Inside Job: David Pitschi

David Pitschi

Billabong, France

What’s your job title?
Billabong Winter Marketing Manager

What’s your day-to-day work consist of?
I work closely with the snowboard team and the product development team to create new campaigns and new stories to keep Billabong in the loop on the snowboarding front. I also take care of the snowboard team and coordinate their travel and filming schedule. And I work on different partnerships with events and so on, to make sure that Billabong is shown as the athlete driven brand that it is.

Where is the Billabong HQ?
For Europe it is in Hossegor, in south west France

What makes it special?
It’s two minutes away from one of the best beach breaks in Europe, and two hours away from the best resorts in the Pyrenees. It’s one of the only places where you can ride in the morning, surf in the afternoon and skate in the evening.

How many people work there?

What are the perks?
Lunchtime surfs, cheap wetsuits, living on the beach in the summer and in the mountains in the winter. Two hour lunches (hence the good surf sessions)

Who’s the biggest character at Billabong?
I would have to say my boss Reid Pinder, He co-founded the company 15 years ago in Europe and is now at the head of Billabong Europe. Definitely a major figure in the company.

Do you all surf and/or snowboard?
90% of the company does, which sometimes makes for crowded lunches!

What does it take to get a job in your team?
A passion for boardsports, dedication, a good knowledge of the industry we’re involved with, loyalty and a strong work ethic.

How do new jackets and pants get designed?
We have a team of in-house designers that work on the snow collection all year. They are all good riders and have a great knowledge of snowboard clothing. The riders’ input is also vital, and we meet with them three times a year for some feedback and design things around the table. Our Signature series is almost completely designed by the riders. The design crew listens closely to the rider and inputs his wishes into the technical side.

How do you know what colours and styles will be cool for the next season?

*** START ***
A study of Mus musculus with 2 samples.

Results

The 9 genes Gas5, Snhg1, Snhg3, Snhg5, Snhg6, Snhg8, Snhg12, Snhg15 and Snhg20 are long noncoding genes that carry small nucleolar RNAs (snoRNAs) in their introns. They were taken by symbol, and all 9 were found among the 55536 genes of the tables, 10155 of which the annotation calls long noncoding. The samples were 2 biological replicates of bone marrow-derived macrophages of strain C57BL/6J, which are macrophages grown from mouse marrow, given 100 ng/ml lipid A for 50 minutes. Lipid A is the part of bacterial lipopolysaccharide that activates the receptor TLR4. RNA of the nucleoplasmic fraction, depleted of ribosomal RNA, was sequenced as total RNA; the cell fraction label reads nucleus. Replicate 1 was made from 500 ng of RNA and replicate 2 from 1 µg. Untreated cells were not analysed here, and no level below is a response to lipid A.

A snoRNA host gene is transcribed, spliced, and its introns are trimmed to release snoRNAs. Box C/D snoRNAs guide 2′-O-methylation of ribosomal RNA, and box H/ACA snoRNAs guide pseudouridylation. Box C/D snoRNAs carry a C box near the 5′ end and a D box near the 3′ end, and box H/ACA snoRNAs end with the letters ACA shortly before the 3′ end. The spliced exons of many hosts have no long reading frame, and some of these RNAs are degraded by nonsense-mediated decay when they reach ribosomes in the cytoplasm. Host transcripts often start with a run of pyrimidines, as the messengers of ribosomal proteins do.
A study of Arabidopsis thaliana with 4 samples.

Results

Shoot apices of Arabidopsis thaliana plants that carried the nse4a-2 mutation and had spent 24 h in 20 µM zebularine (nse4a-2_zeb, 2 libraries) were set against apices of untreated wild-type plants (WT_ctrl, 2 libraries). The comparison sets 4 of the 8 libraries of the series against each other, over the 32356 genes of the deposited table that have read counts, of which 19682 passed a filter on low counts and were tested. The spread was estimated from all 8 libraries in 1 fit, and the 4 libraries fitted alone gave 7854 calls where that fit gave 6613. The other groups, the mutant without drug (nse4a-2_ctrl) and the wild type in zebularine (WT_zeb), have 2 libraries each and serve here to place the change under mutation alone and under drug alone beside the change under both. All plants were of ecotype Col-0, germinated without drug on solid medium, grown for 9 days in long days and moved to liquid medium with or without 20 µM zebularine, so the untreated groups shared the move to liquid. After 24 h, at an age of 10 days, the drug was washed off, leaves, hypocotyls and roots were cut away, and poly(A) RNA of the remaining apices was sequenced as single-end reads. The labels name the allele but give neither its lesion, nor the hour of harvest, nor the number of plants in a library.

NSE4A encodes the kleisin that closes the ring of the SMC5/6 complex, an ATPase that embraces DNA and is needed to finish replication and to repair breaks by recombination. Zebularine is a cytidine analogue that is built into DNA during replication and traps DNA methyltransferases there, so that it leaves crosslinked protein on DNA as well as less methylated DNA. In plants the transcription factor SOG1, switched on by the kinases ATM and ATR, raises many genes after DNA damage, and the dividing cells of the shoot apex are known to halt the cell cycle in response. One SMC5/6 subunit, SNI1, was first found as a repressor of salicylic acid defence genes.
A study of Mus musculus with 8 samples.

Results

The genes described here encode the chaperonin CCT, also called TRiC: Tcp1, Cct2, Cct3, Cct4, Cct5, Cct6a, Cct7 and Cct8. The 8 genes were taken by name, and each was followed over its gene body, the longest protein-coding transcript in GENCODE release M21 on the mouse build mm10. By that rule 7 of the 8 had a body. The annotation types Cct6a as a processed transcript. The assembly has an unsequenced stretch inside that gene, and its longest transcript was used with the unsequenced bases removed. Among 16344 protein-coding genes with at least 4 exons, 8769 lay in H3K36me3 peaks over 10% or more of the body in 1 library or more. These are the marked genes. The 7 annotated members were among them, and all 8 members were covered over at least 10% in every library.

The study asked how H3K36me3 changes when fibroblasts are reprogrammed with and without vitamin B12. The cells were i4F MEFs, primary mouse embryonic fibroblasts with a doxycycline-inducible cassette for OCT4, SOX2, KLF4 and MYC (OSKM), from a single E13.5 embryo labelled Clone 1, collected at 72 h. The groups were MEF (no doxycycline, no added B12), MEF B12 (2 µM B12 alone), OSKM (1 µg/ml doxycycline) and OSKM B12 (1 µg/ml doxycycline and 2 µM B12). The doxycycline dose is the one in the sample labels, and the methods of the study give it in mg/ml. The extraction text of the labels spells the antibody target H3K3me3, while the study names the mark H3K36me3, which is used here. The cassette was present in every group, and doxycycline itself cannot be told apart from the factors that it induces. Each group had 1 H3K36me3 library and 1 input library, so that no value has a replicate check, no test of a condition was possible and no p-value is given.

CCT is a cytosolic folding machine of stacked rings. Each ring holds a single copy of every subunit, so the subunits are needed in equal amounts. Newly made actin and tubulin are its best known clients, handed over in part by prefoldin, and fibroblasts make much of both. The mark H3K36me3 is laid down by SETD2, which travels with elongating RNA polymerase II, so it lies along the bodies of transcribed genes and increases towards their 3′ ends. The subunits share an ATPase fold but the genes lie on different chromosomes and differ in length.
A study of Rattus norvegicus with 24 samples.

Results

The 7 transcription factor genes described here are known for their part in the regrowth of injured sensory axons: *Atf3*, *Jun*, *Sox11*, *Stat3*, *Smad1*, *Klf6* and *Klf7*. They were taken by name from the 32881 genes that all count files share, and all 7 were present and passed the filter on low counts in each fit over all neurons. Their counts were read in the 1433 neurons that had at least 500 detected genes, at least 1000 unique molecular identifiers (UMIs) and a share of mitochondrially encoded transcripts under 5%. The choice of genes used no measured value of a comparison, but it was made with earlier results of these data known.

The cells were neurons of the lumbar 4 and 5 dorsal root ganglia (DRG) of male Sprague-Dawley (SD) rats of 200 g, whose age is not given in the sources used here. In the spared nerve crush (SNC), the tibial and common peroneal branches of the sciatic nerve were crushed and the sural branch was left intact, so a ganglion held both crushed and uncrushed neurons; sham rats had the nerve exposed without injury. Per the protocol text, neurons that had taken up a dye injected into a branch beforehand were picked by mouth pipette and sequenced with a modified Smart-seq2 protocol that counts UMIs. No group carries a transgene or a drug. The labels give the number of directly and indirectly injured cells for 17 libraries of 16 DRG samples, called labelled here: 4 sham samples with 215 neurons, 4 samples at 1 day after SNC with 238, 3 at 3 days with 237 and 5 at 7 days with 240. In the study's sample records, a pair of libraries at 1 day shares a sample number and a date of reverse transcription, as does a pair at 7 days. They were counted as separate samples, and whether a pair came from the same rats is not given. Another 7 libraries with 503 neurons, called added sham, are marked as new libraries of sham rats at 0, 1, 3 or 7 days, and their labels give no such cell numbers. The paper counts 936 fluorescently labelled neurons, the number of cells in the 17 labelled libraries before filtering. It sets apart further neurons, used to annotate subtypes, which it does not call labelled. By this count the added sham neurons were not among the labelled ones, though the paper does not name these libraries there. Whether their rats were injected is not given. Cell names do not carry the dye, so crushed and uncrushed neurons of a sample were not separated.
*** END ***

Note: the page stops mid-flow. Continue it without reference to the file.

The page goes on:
We get into the market place as much as possible and listen to the riders. Just having your eyes open at all times. Plus the designers go to Tokyo, Whistler, Mammoth, NYC and other places to gather new ideas and get a feel for new trends.

Do you think tight snowboard pants are cool?!
That’s not for me to answer. The kids these days do. Well, not all of them do. I think it’s all influenced by the skate scene and the music scene. Not all snowboarders are into tight pants, there’s a style for everyone depending on your musical taste. You’ll have the tight pant rider and the baggy rider, and as snowboarding grows the fashion diversifies. The key is to have a product for each style.

As a summer sport, surfing is kinda the opposite to snowboarding, especially in the kind of clothing you need (like, we don’t need boardshorts!) How does Billabong’s surf heritage help (or hinder) its performance as a snowboard brand?
Surfing is at the base of all boardsports. It helps us to understand where we come from. Most importantly, Billabong knows that it’s the athlete – who is out in the snow every single day and pushing the clothing to the limit – who knows what is good and what is bad. Billabong has a history of choosing the right team, whether surfing or snowboarding, and therefore building the right gear. The surf heritage also helps with the use of different fabrics and the development of different breathability. All fabric knowledge is useful for manufacturing better clothing.

Has Billabong taken any technology or marketing ideas from snowboarding and applied it to the surfing side?
For sure. I sit right beside the Surf marketing manager and he’s always checking out the snow stuff. We tend to do our own thing and want our own identity, but when something works well and can be applied to the two sports we do take it on board.

What stands Billabong apart from the rest of the industry?
Billabong has been in the industry for more than 30 years and knows that at the end of every pair of board shorts, t-shirt or snow jacket sold there is a rider. The rider is the bottom line, and without him there is no industry. Billabong also prides itself in taking care of the riders that have supported the company – there are plenty of examples, such as myself, Luke Egan – who is marketing manager in Australia – and Sam Carrier (another former world class surfer) who works with us in Europe.